Northumbria Uni warns of job losses

Northumbria University job losses looming as staff warned of £12.5 million budget cuts

A North East university has warned of looming job losses as it tries to slash costs.

Staff at Northumbria University were told on Monday afternoon that the Newcastle institution’s staffing budget faces being cut by £12.5 million.

University vice-chancellor and chief executive Prof Andy Long wrote that savings are needed “in order to ensure we are able to cover our costs”, but pledged to do “all that we can” to avoid compulsory redundancies.

He blamed a “volatile” market for recruiting students from overseas and the Government making it “more difficult” to do so, saying the university’s income was projected to be £10 million lower in the next academic year as a result, as well as pressures caused by inflation.

However, in an email seen by the Local Democracy Reporting Service, Prof Long insisted that the university is in a “very strong” financial position.

A university spokesperson confirmed: “While Northumbria University’s underlying financial position remains very strong, along with most higher education institutions the current financial outlook is weaker than anticipated. This is a consequence of a combination of fixed home undergraduate fees, difficulties around recruitment of international students, and the ongoing impact of inflation.

“To remain competitive and to create room for investment in our future strategic plans, the university must address its cost base through changes to staff and non-staff budgets. In doing so we will ensure we protect the student experience while supporting our staff through this challenging period. We will do all that we can to avoid compulsory redundancies while we go through this process.”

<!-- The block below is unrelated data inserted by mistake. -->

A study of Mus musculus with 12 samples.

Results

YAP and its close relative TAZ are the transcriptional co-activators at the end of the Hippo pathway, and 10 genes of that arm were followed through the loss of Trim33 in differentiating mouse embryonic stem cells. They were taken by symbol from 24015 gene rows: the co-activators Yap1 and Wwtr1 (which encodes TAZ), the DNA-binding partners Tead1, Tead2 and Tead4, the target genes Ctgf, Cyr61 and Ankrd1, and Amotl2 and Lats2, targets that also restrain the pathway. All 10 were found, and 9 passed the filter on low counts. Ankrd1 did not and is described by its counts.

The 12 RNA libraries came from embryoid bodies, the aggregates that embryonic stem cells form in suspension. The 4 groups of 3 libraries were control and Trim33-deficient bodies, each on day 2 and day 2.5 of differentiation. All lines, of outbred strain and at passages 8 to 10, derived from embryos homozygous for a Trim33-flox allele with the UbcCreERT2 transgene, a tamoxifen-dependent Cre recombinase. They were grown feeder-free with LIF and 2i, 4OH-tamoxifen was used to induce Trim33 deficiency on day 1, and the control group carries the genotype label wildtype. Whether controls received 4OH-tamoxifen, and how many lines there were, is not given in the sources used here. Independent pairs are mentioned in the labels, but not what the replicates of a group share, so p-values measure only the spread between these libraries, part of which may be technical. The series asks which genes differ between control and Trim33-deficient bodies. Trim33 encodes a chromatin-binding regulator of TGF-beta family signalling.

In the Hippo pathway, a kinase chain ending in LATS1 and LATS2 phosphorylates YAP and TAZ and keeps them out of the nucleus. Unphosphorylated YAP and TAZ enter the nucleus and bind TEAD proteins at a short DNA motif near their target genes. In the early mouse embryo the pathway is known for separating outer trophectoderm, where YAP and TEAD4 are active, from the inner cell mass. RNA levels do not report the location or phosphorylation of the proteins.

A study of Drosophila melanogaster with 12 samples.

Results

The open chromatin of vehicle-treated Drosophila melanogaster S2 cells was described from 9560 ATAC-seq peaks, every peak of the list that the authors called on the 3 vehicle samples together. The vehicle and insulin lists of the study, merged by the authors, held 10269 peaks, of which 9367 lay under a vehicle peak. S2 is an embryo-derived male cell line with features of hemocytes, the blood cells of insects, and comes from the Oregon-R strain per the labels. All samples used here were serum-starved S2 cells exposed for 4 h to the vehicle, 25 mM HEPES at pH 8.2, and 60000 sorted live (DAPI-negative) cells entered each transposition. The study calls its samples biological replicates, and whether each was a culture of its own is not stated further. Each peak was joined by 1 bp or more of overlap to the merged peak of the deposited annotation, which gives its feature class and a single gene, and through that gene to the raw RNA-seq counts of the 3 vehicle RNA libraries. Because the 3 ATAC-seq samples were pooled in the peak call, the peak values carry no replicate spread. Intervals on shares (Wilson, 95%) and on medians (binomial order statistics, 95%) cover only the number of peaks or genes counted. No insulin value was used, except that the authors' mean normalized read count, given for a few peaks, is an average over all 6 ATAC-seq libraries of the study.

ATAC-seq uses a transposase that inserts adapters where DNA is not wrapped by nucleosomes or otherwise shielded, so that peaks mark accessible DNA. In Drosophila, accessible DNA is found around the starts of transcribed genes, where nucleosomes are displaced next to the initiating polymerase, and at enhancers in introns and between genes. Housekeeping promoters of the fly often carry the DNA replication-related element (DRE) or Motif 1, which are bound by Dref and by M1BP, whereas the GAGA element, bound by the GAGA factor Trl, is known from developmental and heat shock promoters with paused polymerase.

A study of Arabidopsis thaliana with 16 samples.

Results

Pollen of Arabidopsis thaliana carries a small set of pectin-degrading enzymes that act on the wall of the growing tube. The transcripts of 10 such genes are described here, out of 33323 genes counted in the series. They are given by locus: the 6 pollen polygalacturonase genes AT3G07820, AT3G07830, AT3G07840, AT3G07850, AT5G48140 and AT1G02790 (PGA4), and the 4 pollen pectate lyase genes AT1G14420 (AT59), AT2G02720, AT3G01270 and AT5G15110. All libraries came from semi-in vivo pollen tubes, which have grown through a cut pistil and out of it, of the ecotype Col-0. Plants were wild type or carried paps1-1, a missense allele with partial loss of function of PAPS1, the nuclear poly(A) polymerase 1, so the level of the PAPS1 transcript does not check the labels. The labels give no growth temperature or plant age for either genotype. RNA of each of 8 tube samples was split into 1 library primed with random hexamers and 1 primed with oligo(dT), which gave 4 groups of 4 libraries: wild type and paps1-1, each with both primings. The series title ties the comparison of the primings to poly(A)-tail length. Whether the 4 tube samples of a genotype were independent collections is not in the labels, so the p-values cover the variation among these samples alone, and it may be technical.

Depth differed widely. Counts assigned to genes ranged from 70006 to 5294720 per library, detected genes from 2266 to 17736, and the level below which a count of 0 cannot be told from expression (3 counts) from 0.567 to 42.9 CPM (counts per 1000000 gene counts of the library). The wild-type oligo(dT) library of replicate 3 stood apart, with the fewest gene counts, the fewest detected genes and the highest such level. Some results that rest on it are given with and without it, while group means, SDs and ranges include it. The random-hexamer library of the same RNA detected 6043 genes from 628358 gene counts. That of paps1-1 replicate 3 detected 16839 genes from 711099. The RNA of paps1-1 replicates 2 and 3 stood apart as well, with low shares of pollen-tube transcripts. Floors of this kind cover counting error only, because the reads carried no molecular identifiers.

The university is one of the city’s major employers, with around 3,000 staff.

In his email, Prof Long said that £16 million worth of savings had already been made this year and a further £4 million of spending reductions already identified in non-staffing areas.

However, he added that the “working assumption is that we now need to reduce our current staff costs by a further £12.5 million from an overall budget of £225 million”.

The vice chancellor said that Northumbria would seek to increase its recruitment of home students to around 6,000 per year, from a current 5,400, because of concerns about the international student market.

He told staff that the university will have approximately 700 fewer students on its Newcastle campus in 2024/25 than it had five years earlier, while during which time its workforce had grown by 500.

Prof Long also highlighted higher energy prices and a “further £4 million strain on our budgets” from the Teachers Pension Scheme as factors behind the savings plan.